Photos by MC3 Taylor Mohr, PHIBCB 2 Public Affairs
Seabees assigned to PHIBCB 2, homeported in Virginia Beach, Va., hang on to the towline of an INLS Warping Tug during a Maritime Prepositioning Force (MPF) download operation known as the Blount Island Command Exercise (BICEX), Aug. 6. The INLS craft are used to ferry vehicles and supplies from the ship to the shore in support of humanitarian aid and combat missions.
Seabees and Sailors assigned to subordinate commands under Naval Beach Group (NBG) 2, along with Marines from 2nd
Marine Expeditionary Brigade (II MEB) and Sailors from Naval Cargo Handling Battalion (NCHB) 1, conducted an in-stream download of equipment and cargo using Improved Navy Lighterage System (INLS) craft from the USNS SEAY
(T-AKR302), a Bob Hope-class cargo vessel, for delivery to the Marine Corps Support Facility Blount Island, Jacksonville, Fla. This multi-service delivery took part during the annual Maritime Prepositioning Force Exercise (MPFEX-14), July 28 to Aug. 14.
The exercise provided active and reserve personnel assigned to NBG 2 and various subordinate commands real-time training needed to remain mission ready. In addition, personnel worked to offload vehicles, containers and equipment from the SEAY,
and conducted routine maintenance and upgrades prior to being re-embarked and re-deployed to Diego Garcia as part of MPFEX-14.
We figured this is a great way to give our Sailors some great in-stream training and show that the commands under Naval Beach Group 2 can work together seamlessly, said LT John Brayman, assistant operations officer, Amphibious Construction Battalion (PHIBCB) 2.
Seabees assigned to PHIBCB 2, homeported in Virginia Beach, Va., watch as an INLS Power Module gets lowered into the water during the Blount Island Command Exercise (BICEX), Naval Station Mayport, Fla., Aug. 6.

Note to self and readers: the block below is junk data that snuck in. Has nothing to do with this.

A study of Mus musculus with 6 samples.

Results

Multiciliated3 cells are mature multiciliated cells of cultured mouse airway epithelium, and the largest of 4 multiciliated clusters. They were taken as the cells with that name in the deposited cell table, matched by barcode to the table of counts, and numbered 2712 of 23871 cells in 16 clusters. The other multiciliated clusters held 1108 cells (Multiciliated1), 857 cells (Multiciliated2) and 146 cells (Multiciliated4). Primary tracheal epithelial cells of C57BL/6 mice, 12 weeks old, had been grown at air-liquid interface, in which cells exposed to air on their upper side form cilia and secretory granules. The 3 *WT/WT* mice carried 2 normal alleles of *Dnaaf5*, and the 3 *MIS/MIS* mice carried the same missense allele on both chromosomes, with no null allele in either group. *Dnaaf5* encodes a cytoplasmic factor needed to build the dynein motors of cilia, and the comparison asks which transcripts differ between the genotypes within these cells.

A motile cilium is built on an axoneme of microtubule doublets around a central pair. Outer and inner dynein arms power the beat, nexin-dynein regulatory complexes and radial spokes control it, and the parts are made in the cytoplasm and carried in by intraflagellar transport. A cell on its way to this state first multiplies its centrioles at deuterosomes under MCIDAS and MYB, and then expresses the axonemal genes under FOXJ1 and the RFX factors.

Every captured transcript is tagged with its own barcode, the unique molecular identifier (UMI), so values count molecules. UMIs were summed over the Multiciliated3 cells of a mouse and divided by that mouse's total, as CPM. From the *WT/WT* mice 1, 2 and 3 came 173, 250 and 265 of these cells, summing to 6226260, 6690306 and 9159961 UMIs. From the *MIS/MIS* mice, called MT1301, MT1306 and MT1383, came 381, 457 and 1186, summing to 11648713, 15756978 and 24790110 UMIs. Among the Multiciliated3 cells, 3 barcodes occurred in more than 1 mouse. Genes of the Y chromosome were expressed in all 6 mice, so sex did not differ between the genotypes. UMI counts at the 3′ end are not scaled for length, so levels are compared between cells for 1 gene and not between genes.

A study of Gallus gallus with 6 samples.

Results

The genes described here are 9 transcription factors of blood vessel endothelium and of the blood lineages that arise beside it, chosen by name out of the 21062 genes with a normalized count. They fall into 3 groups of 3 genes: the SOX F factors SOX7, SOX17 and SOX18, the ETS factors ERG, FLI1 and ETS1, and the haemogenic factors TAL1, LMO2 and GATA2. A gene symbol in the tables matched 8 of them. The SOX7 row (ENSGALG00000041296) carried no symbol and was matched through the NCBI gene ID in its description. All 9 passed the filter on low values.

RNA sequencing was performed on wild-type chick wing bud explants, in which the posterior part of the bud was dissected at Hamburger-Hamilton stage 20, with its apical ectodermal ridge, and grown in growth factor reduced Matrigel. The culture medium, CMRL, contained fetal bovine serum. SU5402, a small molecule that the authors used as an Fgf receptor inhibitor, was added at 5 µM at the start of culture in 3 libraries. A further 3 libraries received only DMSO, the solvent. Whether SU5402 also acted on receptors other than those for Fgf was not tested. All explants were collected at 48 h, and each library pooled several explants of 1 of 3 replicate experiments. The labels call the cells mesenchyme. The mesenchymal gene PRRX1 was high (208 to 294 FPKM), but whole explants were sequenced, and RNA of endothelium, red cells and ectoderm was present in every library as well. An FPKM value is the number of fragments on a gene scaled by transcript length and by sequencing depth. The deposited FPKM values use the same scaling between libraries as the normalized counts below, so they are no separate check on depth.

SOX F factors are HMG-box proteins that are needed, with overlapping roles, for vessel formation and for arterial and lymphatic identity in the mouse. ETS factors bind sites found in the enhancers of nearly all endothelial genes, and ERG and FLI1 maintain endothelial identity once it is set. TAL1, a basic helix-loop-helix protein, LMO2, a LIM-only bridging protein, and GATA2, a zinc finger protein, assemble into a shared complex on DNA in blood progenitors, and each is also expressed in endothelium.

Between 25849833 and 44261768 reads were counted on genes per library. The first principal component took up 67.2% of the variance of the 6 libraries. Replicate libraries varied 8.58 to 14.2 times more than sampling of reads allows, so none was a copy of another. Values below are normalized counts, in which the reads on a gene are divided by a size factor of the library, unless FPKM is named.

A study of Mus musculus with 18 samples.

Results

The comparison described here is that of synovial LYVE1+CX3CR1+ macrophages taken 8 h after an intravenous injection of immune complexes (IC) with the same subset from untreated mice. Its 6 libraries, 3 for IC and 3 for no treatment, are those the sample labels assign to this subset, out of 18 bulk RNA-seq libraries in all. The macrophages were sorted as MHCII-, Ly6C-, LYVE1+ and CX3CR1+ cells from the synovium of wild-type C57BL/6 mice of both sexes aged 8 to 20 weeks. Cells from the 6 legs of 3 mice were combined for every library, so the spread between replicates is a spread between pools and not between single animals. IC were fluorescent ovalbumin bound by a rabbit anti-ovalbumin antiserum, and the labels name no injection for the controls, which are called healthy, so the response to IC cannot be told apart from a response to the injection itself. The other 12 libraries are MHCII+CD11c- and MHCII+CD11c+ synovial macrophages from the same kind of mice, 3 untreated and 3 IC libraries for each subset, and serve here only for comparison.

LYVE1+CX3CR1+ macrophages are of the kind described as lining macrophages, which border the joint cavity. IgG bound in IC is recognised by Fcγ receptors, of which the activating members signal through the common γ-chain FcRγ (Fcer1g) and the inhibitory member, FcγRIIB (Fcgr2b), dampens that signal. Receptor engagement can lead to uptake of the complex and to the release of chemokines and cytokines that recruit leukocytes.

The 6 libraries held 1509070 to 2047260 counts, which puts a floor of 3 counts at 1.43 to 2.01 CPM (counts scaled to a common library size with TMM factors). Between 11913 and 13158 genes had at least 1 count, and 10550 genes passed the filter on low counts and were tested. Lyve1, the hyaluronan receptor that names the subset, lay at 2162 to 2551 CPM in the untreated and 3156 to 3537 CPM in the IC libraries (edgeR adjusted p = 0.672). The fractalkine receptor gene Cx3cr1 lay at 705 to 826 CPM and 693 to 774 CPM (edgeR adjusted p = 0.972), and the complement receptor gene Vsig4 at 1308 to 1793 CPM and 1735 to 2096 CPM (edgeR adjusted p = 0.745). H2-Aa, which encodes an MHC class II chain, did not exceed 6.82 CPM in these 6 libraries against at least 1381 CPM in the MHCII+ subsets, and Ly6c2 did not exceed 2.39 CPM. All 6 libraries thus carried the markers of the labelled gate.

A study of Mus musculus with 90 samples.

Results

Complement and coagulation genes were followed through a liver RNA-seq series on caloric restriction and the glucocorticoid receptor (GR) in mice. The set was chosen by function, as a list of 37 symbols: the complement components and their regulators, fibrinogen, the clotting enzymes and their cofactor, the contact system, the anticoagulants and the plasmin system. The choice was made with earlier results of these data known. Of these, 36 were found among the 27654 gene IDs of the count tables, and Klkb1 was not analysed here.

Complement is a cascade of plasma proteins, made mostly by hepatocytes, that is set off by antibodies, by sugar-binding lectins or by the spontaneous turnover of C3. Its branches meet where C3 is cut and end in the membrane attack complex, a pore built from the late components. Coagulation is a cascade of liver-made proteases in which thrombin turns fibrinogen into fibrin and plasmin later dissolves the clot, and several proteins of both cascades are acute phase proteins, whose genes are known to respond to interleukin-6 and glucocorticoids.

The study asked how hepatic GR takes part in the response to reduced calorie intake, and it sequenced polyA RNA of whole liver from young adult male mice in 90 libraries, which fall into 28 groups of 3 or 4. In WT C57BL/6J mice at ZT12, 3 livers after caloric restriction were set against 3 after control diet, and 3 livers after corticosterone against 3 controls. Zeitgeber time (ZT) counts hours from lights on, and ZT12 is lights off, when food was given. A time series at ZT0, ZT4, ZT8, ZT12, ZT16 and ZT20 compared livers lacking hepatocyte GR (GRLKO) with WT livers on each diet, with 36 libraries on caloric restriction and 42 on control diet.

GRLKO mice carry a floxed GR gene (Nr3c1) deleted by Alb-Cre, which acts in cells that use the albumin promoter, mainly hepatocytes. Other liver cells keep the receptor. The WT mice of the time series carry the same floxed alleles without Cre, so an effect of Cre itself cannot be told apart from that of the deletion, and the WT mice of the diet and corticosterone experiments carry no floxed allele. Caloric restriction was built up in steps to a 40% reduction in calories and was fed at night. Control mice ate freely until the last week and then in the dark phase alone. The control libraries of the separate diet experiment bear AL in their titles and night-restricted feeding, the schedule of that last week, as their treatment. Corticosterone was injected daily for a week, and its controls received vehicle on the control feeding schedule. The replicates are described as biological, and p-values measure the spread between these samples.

NCHB 1 used four shipboard cranes to offload containers and rolling stock onto INLS causeway ferries operated by Seabees from PHIBCB 1 and 2 that were moored alongside the ship.
The weather has been off and on since we have been out here, said Boatswain s Mate 1st
Class Jordan Mckeel, a craftmaster assigned to PHIBCB 2. It can be pretty difficult to maneuver and unload the equipment when the seas are rough, but the main thing is we are trying to keep things as safe as we can.
After being loaded at the SEAY
, the causeway ferries are driven to one of two beach locations for offloading. When the craft arrives at its offload location, Beachmaster Unit 2 controls and guides the craft into a designated beach lane where the Marines unload the cargo as they would during an actual operation.
All levels of the leadership were very impressed with the work our Sailors and Seabees performed and the professionalism with which they handled themselves, said Cmdr. Robert Tetreault, operations officer, PHIBCB 2. Many people worked 12-hour days out in the hot sun, [but] nobody was injured and we successfully accomplished the training objectives of the exercise despite the occasional bad weather. It was a high-quality training exercise with our NBG 2 partners, NCHB 1 and the Marines of II MEB.
A PHIBCB 2 INLS Power Module sits alongside the USNS Seay (T-AKR-302) awaiting retrieval after being offloaded during the Blount Island Command Exercise (BICEX), Naval Station Mayport, Fla., Aug. 6. The Seay is a Bob Hope-class roll-on roll-off cargo ship assigned to U.S. Sealift Command used to house and transport military vehicles and equipment during humanitarian aid and wartime missions.
USNS Seay (T-AKR 302), a Bob Hope-class roll-on roll-off vehicle cargo ship, offloads cargo onto a PHIBCB 2 INLS causeway ferry during the annual Blount Island Command Exercise (BICEX), Naval Station Mayport, Fla., Aug. 7.